The Bush administration appears to be using anti-drug aid in South America as a cover to help fight rebel forces, a House panel charged.

The House Government Operations Committee concluded in a study released Thursday that the administration's overall anti-drug strategy in Colombia, Bolivia and Peru is ineffective, misguided and dangerous and should be redirected.The White House had no immediate comment.

In a scathing 102-page report, the panel said effective controls must be implemented to ensure that counter-narcotics assistance is not used to help host nations battle insurgents.

It also recommended that the focus of the strategy be shifted from law enforcement to placing a greater emphasis on developing an alternative crop program for thousands of peasant farmers who now grow coca that is turned into cocaine.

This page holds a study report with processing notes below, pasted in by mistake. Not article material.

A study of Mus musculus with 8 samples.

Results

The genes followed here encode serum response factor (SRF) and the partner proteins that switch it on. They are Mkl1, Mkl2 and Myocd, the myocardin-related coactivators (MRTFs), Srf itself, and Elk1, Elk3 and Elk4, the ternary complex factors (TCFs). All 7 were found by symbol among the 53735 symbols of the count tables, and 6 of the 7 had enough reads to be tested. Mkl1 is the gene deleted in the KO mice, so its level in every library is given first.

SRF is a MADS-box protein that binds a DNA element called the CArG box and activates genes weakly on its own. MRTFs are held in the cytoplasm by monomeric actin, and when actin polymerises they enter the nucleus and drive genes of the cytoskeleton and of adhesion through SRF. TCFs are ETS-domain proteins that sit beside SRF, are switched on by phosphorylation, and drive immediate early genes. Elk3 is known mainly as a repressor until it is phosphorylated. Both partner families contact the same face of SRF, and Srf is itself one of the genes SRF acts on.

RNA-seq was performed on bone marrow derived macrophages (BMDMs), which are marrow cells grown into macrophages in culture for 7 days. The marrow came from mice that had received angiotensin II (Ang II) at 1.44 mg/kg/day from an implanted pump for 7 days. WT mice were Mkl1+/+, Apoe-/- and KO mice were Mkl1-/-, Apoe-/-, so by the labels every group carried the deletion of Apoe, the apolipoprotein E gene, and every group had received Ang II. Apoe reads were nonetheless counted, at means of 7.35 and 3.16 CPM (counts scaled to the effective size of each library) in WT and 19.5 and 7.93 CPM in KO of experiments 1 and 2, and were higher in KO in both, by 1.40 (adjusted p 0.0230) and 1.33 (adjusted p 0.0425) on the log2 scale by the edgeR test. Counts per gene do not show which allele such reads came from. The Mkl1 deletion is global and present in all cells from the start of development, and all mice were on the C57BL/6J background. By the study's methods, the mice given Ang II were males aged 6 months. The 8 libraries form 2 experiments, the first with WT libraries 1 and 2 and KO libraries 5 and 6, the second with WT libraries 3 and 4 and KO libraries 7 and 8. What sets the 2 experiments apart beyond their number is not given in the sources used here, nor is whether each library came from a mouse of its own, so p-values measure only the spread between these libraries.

The House committee oversees federal anti-drug efforts, including the administration's 2-year-old $261 million Andean Initiative.

The strategy seeks to disrupt cocaine production and trafficking in Colombia, Bolivia and Peru through crop eradication, interdiction and law enforcement.

Members of the U.S. Drug Enforcement Administration are being used to help coordinate strikes against clandestine cocaine laboratories and coca fields.

"One of the committee's most significant and alarming findings is that our government might be giving drug aid as a smokescreen to block insurgencies," said committee chairman Rep. John Conyers, D-Mich.

"If the State Department wants to fight guerrillas, it knows how to come and ask for counter-insurgency funds. It is not our job to use our military might disguised as anti-drug assistance," Conyers said.